The fact is that the majority of these exhibitors are in fact incessant breeders of big cats and these exhibits only perpetuate their justification for breeding more.  They are not rescuers of big cats nor are they providing sanctuaries for these animals.  They are exploiting them for profit!  Sandsburg Mall – Galesburg, IL; Pzazz Resort Hotel and Casino – Burlington, IA; Mounds Mall – Anderson, IN; Concord Mall – Elkhart, IN and Lincoln Mall-Matteson, IL all have hosted lion and tiger cub exhibits put on by Joe Schreibvogel, a breeder that travels the country, using many business names, to display lion and tiger cubs.

Schreibvogel has a history of USDA violations for abusive treatment of animals and is currently under investigation by USDA for the deaths of 23 cubs.  Last year, he displayed sick cubs with violent diarrhea at the Mounds Mall.  You can see video of this awful abuse, and learn more about Schreibvogel at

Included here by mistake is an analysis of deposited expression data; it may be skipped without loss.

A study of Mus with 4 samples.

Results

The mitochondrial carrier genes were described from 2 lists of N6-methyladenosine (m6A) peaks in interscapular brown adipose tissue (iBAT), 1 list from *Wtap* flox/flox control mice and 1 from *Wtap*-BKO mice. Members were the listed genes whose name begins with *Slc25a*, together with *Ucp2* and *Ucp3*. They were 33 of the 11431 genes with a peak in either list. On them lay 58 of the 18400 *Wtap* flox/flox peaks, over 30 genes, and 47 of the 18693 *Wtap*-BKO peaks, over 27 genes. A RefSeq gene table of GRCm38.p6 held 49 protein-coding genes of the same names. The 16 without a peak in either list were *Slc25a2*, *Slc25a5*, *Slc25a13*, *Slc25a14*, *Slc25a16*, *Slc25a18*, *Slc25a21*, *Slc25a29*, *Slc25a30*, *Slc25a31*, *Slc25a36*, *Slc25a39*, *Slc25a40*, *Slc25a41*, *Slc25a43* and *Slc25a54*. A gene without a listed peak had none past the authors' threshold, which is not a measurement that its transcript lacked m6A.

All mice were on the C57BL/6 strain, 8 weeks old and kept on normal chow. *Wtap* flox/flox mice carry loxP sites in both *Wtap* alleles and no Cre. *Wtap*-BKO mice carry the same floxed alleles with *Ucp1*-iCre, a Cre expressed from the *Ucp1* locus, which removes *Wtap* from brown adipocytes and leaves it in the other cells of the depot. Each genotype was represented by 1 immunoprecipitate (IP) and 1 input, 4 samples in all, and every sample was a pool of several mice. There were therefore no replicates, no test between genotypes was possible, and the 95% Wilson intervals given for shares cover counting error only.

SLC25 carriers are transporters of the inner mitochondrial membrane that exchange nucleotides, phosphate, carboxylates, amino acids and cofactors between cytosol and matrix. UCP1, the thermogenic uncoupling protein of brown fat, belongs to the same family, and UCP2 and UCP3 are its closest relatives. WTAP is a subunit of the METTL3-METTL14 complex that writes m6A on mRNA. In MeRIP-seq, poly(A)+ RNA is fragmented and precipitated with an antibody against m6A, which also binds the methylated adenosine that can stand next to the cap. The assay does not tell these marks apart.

Other exhibitors are known for their training and presentation of circus acts, such as Kay and Clay Rosaire.  They breed and exploit these animals on the one hand and then claim to rescue them on the other at their dismal Big Cat Encounter facility in Sarasota, FL.  The IX Indoor Amusement Park – Cleveland, OH is one such location that the Rosaire’s perform at with their “rescued” animals.  Learn more about Kay and Clay Rosaire at

Cubs used for petting and photo exhibits are torn from their mothers shortly after birth, causing emotional pain to both mom and cub.  They spend countless hours in small cages in trucks when they aren’t being poked and prodded on display. What happens to the lions and tigers that are used to make money after they are too big and dangerous to use this way? Most spend their entire lives in small concrete and chain link cells, often in horrible conditions. If you go to Big Cat Encounter (the Rosaire’s facility) you will see the cats are relegated to tiny cages that surround a grassy area. They tell the public that the cats take turns in the grass area, but there is no evidence that the cats have such access on any regular basis. USDA rules allow keeping a 500 pound tiger for its entire life in an area only big enough to stand up and turn around.